Who is Akbar Booghi? Well, he's the guy in the crowd leading all the cheers and chants, so dedicated to livening up the fans that he graciously turns his back to the field (or wrestling mats because he also exists there) and leads the crowd with his cheers and boogh, horn. And because we don't know his real name, we've given him the common first name Akbar and the last name Booghi because of his horn and because the suffix "i" is a common ending in Iranian last names.
My dad and I are avid freestyle wrestling fans and used to fly to different cities in the U.S. to watch the Iranian national team. This is where I was first introduced to Akbar Booghi. I don't think he saw even one weight class the entire time. Instead, he was beating his drum (to the point where his palms had become bloody) and leading the cheers. A typical one goes "do do do do do do IRAN"! (the "do" being the horn, and the IRAN being the crowds response.) I remember at the end of that particular wrestling competition, an American came over and bought one of the Iran T-shirts saying he had never seen wrestling or fans like this before. Of course the Iranians couldn't stop taking pictures of him wearing the Iran T-shirt.
You'll also hear that cheer for soccer. Another common one is where Akbar Booghi says: Iran che kāresh mikone?, What is Iran going to do to them? And the crowd answers: surākh surākhesh mikone, riddle [the net] with holes! (this obviously refers to how many goals we'll score. We aim high.)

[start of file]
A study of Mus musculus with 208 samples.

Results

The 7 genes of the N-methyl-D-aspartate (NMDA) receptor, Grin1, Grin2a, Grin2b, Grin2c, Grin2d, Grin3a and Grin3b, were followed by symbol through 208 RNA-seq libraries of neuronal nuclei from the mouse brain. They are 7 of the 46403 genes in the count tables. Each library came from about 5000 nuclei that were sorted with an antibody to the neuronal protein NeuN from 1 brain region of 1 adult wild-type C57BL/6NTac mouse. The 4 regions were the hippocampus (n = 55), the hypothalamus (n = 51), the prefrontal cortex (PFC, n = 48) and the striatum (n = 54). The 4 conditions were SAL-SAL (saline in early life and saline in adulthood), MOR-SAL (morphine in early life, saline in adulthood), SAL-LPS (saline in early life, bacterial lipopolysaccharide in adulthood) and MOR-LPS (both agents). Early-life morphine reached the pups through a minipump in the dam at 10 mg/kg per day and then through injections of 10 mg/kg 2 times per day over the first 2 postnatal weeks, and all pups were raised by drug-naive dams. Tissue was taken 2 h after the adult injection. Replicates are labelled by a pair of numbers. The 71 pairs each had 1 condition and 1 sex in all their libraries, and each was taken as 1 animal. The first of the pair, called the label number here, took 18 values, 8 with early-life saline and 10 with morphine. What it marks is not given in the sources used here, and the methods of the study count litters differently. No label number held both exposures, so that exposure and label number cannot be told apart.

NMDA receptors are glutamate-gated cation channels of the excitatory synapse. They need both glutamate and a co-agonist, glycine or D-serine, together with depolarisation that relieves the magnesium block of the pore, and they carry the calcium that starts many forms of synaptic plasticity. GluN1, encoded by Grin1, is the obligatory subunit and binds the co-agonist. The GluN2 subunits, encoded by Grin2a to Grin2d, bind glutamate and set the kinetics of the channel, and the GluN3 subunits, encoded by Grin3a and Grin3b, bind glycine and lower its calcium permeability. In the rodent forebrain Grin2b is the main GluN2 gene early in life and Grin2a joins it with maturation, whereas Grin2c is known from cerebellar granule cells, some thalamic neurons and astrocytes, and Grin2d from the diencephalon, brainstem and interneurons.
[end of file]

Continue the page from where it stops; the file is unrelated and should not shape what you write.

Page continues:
You may recall that during World Cup '98 in France, Iran and the U.S. played in the group phase. Iran lost 1-0 to the former Yugoslavia (which we somewhat celebrated because we actually expected to get surākh surākh). We also lost 2-0 to Germany, but by then it didn't matter because we had already won the World Cup as far as we were concerned. The only game we really cared about was the U.S. game which we won 2-1. I was lucky enough to be in Tehran that night, and I have to say it was one of the greatest nights of my life. It was about the 80th minute and I had already started hearing garage doors opening and cars honking. When the game was officially over, the streets were mayhem! Like I said, that was our World Cup, and we won. It was past midnight, yet stores were handing out flowers and sweets on the streets. By the time we got back home, it was around 6am and we were exhausted. Such a great night. Impromptu parties break out in the streets like this a lot when it comes to these kinds of events. Last summer, the same thing happened in the span of about a week when Iran qualified for the WC and when Rouhani was elected President.
Before I leave you, you know I have to give you a soccer-related Persian idiom: daghigheye navad, the 90th minute, which refers to the 90th minute in soccer matches, and basically just means last minute. In the movie Shish o Besh, two friends are trying to pull a heist of sorts. One of them was supposed to bring the "moral police" bus, but instead he brings a regular passenger bus. His friend says he almost blew their cover by doing that, and he responds, Joone Sami, daghighe navad bud, I swear to you Sami, it was the 90th minute [last minute]. He didn't have a choice. It was the last minute, and he had to come up with a solution.